The Watcom shopping index fell to 464 in the eleventh week of this year from its annual International Women’s spike on March 8 of 501, but so far the impact of the coronavirus (COVID-19) has not made itself felt on foot traffic in Moscow’s leading malls.
The Watcom shopping index, which makes use of security cameras in malls to measure foot traffic in real time, has been down over the last three years. However, this year’s results are little different to those in 2019 and 2018. Overall the foot traffic in the leading malls in the capital has been trending down as more and more Russian shop online and so far this year is no different; the results post holiday-weekend shopping this year are almost identical to those of last year.
However, experts are confident that both the index and retail turnover will fall more steeply from here. The rise in real incomes in December as the 12 national projects get under way was supporting consumption in the last quarter of 2019 and spilled over into January this year.
But the double whammy of collapsing oil prices and the growing coronavirus (COVID-19) pandemic will clearly hurt the Russian economy. The expected 1.7% growth for this year will now turn into a 1% contraction, according to the latest forecast by the Bank of Finland Institute for Economies in Transition (BOFIT) and real income growth will turn into yet another contraction.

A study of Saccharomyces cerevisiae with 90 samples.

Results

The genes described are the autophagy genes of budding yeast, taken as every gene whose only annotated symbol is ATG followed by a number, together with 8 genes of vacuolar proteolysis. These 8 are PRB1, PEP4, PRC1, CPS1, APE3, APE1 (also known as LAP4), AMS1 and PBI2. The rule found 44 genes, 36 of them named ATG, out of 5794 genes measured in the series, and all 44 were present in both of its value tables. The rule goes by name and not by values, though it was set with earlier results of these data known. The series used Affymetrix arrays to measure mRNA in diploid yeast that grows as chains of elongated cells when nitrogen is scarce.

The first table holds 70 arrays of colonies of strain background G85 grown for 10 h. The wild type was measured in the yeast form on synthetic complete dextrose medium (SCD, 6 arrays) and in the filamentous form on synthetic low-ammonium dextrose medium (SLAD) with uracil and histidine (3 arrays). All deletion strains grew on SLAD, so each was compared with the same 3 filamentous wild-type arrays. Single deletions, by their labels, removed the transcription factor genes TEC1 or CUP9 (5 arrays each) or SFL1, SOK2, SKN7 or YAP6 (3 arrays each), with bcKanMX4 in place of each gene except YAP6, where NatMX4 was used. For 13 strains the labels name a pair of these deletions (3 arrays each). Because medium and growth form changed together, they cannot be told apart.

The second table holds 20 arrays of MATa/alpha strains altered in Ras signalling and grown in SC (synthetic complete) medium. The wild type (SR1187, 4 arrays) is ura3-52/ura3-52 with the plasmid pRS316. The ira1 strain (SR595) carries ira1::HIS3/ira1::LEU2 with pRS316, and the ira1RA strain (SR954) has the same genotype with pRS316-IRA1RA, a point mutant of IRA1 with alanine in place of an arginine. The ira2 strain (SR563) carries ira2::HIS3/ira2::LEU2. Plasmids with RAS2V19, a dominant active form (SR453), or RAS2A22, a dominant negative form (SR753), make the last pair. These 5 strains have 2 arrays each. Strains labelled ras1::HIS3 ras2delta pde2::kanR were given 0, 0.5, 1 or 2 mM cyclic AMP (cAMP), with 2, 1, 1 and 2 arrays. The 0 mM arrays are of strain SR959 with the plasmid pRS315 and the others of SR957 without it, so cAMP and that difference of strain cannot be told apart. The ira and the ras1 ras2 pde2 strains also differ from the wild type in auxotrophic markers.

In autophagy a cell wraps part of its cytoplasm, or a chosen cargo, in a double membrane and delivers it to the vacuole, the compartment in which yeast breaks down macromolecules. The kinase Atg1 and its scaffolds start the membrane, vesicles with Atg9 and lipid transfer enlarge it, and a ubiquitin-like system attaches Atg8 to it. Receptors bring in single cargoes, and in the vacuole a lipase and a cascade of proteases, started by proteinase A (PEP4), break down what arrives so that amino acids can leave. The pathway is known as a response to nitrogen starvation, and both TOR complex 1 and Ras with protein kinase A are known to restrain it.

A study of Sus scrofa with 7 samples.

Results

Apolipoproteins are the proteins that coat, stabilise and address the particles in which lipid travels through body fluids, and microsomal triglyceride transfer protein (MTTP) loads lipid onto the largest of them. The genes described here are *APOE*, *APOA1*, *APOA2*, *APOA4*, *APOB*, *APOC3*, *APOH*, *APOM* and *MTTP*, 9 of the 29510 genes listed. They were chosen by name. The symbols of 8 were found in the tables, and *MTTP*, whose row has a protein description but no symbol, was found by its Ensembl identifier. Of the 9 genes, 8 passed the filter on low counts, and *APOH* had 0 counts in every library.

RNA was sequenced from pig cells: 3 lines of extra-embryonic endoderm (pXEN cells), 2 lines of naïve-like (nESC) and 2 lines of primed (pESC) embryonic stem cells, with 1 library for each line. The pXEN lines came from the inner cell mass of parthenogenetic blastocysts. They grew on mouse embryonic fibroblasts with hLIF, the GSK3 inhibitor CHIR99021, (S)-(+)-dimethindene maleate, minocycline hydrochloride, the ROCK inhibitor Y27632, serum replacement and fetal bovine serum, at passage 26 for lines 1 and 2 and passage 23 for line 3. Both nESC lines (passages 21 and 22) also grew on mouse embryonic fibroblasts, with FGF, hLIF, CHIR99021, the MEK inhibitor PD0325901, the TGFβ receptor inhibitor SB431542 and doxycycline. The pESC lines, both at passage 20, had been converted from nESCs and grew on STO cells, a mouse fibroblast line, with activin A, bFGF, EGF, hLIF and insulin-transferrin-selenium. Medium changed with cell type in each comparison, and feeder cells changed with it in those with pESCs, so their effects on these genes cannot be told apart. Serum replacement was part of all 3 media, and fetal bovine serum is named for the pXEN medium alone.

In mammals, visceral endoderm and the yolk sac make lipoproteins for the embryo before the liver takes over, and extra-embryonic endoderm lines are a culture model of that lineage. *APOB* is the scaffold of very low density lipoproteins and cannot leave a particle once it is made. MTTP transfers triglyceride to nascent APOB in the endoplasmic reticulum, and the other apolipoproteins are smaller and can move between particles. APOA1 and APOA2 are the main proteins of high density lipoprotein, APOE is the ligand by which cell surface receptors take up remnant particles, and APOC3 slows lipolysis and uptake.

The full impact of the virus in Russia is hard to estimate. Russia has suspiciously low numbers of infection compared to its neighbours and while the epidemic in Russia is only just getting underway there are already allegations the authorities are under reporting the number of cases in order to be able to hold a referendum on constitutional reforms proposed by Russian President Vladimir Putin that are slated for April 22.
The authorities have taken some recautions, but most of the measures introduced so far are for an economic aid package for business like tourism, small and medium-sized enterprises (SMEs) and airlines. None of the major cities are on lockdown, although rumours continue to swirl that Moscow could be locked down any day.
The population is clearly nervous and while the government has been assuring the population that Russia is relative unaffected, the shelves in supermarkets have been cleared of durable foodstuffs.